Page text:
Thanks a lot, Barack.
Our economy was already in the toilet, unemployment was through the roof, and you just had to go and crush American morale by ending the National Aeronautics and Space Administration and all the pride and glory with which it came. No, really -- thank you for doing that!
Sorry folks, but if history is here to instruct us, then we ought to be able to look into the past and realize that bureaucracy (government departments, administrations, and agencies) are rarely -- if ever -- more innovative and creative than their private sector counterparts. Consider the following image:
It's true. You can't deny it. If the government tried to create and regulate video game consoles, do you think we would have such remarkably fantastic gaming systems on which to spend our free time? Of course not.
Why, you might ask, is that the case?
The answer is fairly simple. Incentives are the enzymes of innovation. And money is the human race's most basic form of incentive. In other words, money is what motivates and lays the foundation for cutting-edge new technological creations.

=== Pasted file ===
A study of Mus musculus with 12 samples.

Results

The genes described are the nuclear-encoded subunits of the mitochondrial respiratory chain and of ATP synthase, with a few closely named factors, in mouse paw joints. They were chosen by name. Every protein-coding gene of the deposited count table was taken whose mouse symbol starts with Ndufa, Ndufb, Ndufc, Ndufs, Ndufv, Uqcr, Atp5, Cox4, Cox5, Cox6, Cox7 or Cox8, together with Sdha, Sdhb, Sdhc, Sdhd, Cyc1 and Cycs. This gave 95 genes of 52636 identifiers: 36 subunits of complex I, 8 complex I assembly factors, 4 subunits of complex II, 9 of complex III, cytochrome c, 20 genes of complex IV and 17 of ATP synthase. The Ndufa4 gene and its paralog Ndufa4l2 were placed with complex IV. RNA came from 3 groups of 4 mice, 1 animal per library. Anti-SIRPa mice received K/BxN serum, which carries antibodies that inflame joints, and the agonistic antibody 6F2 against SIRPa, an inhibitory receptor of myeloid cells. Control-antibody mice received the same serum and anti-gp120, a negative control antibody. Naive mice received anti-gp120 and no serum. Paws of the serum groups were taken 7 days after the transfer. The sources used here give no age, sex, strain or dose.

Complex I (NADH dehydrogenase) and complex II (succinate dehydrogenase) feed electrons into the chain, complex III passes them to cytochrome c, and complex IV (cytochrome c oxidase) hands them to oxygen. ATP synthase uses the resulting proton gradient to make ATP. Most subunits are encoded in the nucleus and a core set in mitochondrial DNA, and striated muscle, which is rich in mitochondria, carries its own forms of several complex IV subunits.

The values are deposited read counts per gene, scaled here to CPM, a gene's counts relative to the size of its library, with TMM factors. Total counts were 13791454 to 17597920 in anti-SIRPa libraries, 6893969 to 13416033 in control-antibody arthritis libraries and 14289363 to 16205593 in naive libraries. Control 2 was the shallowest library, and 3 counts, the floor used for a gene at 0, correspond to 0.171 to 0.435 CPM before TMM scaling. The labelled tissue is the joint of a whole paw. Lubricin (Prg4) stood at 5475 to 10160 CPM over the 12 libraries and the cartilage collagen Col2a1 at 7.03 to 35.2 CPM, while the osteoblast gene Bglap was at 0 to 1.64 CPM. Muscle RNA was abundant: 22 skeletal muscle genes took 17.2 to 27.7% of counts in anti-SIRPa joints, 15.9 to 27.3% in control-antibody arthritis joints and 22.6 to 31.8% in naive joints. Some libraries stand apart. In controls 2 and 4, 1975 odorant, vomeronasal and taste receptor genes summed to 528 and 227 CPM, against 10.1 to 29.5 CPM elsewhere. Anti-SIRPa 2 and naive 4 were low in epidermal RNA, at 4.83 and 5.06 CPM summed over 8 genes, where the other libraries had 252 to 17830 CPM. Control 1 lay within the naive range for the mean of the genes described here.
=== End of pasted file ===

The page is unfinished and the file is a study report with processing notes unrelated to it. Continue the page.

Then it follows that bureaucrats are not the most fit group of individuals to develop new, breakthrough products. They get paid by the hour or the year at the same salary whether or not they create something marvelous. This is why the private sector has the obvious advantage. A private corporation's motives for innovation lie, as stated, in profit. Cold, hard, limitless cash. Private companies aren't paid set wages -- they reap what they sow. If their newly invented product revolutionizes the market, then they will certainly earn the incentive that motivated them from the start; the incentive that they so rightly deserve.
This, we can only hope, will boost American ingenuity and resolve to explore and travel into space. If competition within private industry can create a new space age for mankind, then perhaps the death of NASA is merely an intergalactic rebirth…
What do YOU think? Can the government innovate as effectively as private industry? How do you see the future of space travel in the US of A?